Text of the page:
Meta CEO Mark Zuckerberg has announced that Facebook and Instagram will implement the one thing absolutely nobody was calling for: paid-for verification on both platforms.
"This week we're starting to roll out Meta Verified – a subscription service that lets you verify your account with a government ID, get a blue badge, get extra impersonation protection against accounts claiming to be you, and get direct access to customer support," Zuckerberg wrote on Facebook on Sunday.
"This new feature is about increasing authenticity and security across our services. Meta Verified starts at $11.99 / month on web or $14.99 / month on iOS."
He added that the service will be rolled out this week in Australia and New Zealand, with more countries to follow "soon".
Facebook users reacted with broadly the same concerns as when Twitter launched the paid-for verification scheme (several times) last year.
"Call me crazy but I don’t think I should have to pay you guys to take down the accounts impersonating me and scamming my followers," one verified user wrote. "95% of the accounts I report for impersonation yields no results from your platform and I know I’m not the only one."
As with Twitter, people are not happy with having to pay for protection against impersonation. The comments were also not keen on paying for access to customer support.
"Pro tip: read Mark's post in a Joe Pesci voice to make it sound even more like a protection racket," cartoonist Rob DenBleyker added.
Zuckerberg responded to one user who said that these features should be part of the core product, stressing that lower levels of protection will continue to be provided for free.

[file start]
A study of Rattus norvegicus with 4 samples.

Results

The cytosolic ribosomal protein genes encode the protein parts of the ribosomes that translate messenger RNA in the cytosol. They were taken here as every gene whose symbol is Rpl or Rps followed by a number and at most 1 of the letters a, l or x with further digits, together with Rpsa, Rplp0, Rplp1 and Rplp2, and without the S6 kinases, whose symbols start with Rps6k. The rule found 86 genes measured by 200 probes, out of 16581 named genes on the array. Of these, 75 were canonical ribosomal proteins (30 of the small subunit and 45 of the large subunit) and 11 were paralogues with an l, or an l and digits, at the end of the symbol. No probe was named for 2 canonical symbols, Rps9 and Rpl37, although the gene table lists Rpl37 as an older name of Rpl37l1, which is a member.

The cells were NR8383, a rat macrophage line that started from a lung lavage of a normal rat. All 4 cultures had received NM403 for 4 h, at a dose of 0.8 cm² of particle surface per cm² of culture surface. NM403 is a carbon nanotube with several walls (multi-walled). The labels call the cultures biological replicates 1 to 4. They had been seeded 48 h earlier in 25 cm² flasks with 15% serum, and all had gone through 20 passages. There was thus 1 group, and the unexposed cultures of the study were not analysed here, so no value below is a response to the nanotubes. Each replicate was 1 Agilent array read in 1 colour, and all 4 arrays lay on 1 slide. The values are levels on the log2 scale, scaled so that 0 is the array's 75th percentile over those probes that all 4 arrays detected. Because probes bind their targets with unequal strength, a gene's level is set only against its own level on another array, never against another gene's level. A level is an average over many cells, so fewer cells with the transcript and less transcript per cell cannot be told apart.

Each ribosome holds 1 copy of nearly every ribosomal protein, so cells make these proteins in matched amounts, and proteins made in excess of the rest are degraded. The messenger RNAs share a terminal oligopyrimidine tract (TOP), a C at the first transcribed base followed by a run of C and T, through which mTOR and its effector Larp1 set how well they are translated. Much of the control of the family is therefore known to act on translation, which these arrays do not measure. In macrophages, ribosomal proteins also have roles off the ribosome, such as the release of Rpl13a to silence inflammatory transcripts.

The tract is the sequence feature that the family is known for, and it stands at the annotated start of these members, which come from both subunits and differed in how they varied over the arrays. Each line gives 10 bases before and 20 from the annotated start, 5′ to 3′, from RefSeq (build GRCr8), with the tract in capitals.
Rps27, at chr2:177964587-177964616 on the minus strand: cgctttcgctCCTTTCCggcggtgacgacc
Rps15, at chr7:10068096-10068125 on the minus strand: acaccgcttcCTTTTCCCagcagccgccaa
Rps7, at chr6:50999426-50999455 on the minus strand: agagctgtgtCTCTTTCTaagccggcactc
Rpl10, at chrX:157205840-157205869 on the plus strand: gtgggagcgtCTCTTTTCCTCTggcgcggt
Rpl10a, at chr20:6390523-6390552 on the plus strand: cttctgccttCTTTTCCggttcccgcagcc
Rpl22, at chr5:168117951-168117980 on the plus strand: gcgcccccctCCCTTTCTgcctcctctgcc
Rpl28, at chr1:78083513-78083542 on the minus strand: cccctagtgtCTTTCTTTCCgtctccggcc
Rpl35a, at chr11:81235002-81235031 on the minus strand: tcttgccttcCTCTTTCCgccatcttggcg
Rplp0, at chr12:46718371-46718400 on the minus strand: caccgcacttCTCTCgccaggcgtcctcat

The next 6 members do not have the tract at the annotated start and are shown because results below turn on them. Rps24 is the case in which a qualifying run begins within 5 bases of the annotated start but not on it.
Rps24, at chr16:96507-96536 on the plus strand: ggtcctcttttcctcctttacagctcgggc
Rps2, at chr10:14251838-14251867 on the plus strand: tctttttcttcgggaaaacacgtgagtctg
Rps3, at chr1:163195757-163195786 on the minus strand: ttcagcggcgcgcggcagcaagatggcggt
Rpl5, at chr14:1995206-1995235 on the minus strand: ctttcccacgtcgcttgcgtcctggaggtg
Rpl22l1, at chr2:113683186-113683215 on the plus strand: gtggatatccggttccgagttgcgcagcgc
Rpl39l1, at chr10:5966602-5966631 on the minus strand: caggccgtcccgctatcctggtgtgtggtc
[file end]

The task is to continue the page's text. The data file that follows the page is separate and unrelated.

"We already provide protections and some support for everyone," he wrote. "But verifying government IDs and providing direct access to customer support for millions or billions of people costs a significant amount of money. Subscription fees will cover this and will also pace how many people sign up so we'll be able to ensure quality as we scale."
While the roll-out of paid verification on Facebook and Instagram may seem pointless, or an attempt to make money from services that should or used to be free, Meta probably won't encounter the same type of problems experienced on Twitter.
For one, Meta has not talked about de-verifying notable accounts that don't want to subscribe to the service, making impersonation less of an issue. Additionally, Facebookers don't use Facebook like Twitter users use Twitter. Though there are many creators who use the platform, it is set up more for keeping up to date with friends, videos and memes, rather than Twitter's public discourse (or cage-fight for clout, depending on your perspective) strategy, where the appeal of a little blue status badge has more obvious appeal.
Twitter's own paid-for service Twitter Blue has so far earned an estimated $27.8 million, noted by Quartz to be less than 3 percent of the interest Elon Musk owes on his loans each year.